Sunday, September 30, 2012

The Shadow Knows

Who knows what evil lurks in the hearts of men? The Shadow knows.

We want justice to be easy. We want it to be obvious.

From Jesus to The Shadow to the never-wrong investigators of modern cop dramas, we idolize those who seem to have magical powers to see into the hearts of men. They see beyond all the distractions; they separate the evidential wheat from the chaff; they know guilt before they weigh a single shred of proof. They Know Truth.

For those who Know Truth, doubt and uncertainty are cancers, eating away at justice from the inside.

Malcolm Gladwell’s latest essay in The New Yorker explores the dark world of child molesters in our midst.
The pedophile is often imagined as the dishevelled old man baldly offering candy to preschoolers. But the truth is that most of the time we have no clue what we are dealing with. A fellow-teacher at Mr. Clay’s school, whose son was one of those who complained of being fondled, went directly to Clay after she heard the allegations. “I didn’t do anything to those little boys,” Clay responded. “I’m innocent. . . . Would you and your husband stand beside me if it goes to court?” Of course, they said. People didn’t believe that Clay was a pedophile because people liked Clay—without realizing that Clay was in the business of being likable.
Unlike serial killers, pedophiles are most often expert grifters whose long con is not for your money, but for your children.

Some readers, including a writer at Deadspin, have translated Gladwell’s piece as an apologia of Penn State’s administrators rather than an earnest attempt to explore how pedophiles can fool so many people so utterly.

Daily Beast correspondant Megan McArdle hits closer to a reasoned reaction with her piece, “The Cost of Costly Punishment.”
I am sure all of this is true, but I would like to point out one other thing: our natural resistance to believing the worst of someone. And "child molester" is the worst. It is literally the most horrible thing you can do in our society; morally, the child molester sits above only the child molester/serial killer who rapes and kills children. That makes an accusation of child molesting an extraordinary claim. And as the saying goes, extraordinary claims require extraordinary evidence.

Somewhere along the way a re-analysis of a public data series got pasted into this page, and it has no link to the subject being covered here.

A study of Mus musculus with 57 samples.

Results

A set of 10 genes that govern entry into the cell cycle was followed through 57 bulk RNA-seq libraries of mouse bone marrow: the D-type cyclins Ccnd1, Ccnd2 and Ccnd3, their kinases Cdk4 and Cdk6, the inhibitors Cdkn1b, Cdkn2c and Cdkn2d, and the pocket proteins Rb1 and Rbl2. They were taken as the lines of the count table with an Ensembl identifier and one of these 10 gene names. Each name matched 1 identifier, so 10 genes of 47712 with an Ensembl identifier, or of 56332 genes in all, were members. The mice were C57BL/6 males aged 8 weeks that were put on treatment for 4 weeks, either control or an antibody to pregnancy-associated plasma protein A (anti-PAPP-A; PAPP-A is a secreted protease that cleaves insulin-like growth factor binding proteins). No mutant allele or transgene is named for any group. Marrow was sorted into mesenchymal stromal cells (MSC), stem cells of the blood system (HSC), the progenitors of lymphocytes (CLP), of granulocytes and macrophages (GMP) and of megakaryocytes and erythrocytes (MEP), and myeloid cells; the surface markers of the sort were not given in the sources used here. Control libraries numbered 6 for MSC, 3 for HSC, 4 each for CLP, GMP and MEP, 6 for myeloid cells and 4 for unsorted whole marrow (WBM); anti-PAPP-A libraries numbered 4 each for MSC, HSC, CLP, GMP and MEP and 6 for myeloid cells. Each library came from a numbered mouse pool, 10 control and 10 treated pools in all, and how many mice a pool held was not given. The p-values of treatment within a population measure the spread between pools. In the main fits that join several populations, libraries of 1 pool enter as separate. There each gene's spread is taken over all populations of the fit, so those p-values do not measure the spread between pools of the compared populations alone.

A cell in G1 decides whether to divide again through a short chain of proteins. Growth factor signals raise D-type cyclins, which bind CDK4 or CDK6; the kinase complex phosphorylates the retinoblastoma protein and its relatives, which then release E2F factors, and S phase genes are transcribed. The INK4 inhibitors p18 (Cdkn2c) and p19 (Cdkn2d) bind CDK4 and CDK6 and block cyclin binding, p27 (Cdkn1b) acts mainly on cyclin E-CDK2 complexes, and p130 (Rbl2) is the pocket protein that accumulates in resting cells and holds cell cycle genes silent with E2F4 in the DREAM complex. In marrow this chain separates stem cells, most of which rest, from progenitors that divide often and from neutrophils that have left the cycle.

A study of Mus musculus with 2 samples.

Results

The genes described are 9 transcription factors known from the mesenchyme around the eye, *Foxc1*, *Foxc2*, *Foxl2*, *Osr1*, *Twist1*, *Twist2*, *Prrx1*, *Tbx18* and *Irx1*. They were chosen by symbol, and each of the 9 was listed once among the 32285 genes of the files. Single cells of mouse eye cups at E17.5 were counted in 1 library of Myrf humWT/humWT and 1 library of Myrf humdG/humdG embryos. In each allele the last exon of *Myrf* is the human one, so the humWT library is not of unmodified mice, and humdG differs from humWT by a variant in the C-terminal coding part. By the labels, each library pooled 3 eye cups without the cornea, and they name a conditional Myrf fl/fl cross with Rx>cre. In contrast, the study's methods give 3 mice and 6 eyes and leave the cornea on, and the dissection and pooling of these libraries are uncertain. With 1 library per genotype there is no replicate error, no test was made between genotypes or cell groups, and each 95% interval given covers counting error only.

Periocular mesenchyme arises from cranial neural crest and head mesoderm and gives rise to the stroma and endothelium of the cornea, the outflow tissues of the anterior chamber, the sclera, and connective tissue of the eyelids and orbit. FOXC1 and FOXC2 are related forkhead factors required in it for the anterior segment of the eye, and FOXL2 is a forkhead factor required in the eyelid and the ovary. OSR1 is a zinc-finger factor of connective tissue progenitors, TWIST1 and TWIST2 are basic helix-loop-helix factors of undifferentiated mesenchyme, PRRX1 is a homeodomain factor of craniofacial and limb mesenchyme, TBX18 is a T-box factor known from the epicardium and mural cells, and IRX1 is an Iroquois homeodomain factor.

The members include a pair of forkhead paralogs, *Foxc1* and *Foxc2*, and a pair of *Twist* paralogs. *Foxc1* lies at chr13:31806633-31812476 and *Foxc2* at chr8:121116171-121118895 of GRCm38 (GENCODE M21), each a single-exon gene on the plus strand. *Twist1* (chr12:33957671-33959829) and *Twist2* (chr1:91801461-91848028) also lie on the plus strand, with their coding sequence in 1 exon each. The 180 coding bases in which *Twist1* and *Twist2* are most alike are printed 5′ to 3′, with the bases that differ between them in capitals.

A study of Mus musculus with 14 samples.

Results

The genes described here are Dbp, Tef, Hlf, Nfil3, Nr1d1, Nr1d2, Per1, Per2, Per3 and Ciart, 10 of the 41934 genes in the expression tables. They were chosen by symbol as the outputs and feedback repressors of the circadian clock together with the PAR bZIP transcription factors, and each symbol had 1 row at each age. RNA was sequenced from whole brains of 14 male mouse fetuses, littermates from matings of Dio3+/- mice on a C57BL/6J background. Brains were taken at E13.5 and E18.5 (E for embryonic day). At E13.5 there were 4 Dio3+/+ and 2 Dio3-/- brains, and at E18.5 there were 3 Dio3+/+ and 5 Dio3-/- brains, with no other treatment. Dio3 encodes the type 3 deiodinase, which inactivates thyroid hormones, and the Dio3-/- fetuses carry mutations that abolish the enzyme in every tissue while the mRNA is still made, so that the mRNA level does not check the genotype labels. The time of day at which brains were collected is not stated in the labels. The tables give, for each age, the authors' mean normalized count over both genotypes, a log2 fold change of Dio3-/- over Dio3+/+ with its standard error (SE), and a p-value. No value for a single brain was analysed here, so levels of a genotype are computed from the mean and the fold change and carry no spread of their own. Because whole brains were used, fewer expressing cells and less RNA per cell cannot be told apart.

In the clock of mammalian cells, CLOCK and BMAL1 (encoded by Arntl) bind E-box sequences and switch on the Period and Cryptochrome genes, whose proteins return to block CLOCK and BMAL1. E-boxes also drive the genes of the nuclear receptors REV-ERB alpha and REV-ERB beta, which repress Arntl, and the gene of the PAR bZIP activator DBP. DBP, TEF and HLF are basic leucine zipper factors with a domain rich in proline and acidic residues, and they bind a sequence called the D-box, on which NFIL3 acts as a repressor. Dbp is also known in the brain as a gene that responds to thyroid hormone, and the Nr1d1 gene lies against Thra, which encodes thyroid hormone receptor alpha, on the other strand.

McArdle’s conclusion is also more than reasonable:
I don't really see any way around this. Some crimes should be viewed as so morally horrific that they cut one off from decent society. But society also needs to be careful about who it cuts off. It is very terrible to let a child molester keep working on new victims. But it is also very terrible to destroy the life of an innocent adult--to brand him with a label that will probably keep him from ever associating with decent people again.
None of this is an attempt to excuse Graham Spanier or Joe Paterno, nor is it an attempt to justify their persecution. It is about how we as a culture attempt to handle matters of trust, justice, and fairness. Believing such vague but vital concepts to be simple and easy is every bit as dangerous and destructive as those who live to circumvent them for criminal and immoral deeds.

The need for quick and simple truth and justice results in a man shooting his own son, thinking he’s a burglar. “Shoot first, ask questions later,” right? Isn’t that the Code of the Brave Republican?

Gladwell’s report isn’t about Jerry Sandusky. It’s about Greg Austin and the unknown thousands of (mostly) men like him, plotting and making connections with young and teenage kids. It’s about how these men get away with the unthinkable. It’s about how difficult it is for us mere humans to Know Truth, even when it’s staring us in the face, especially when the truth is so damn dark.

1 comment:

Daisy said...

I was just recently reminded that not all pedophiles are men. It really is impossible to know the truth about people! It is also becoming even harder not to be the overprotective helicopter mom with all the evil lurking nearby.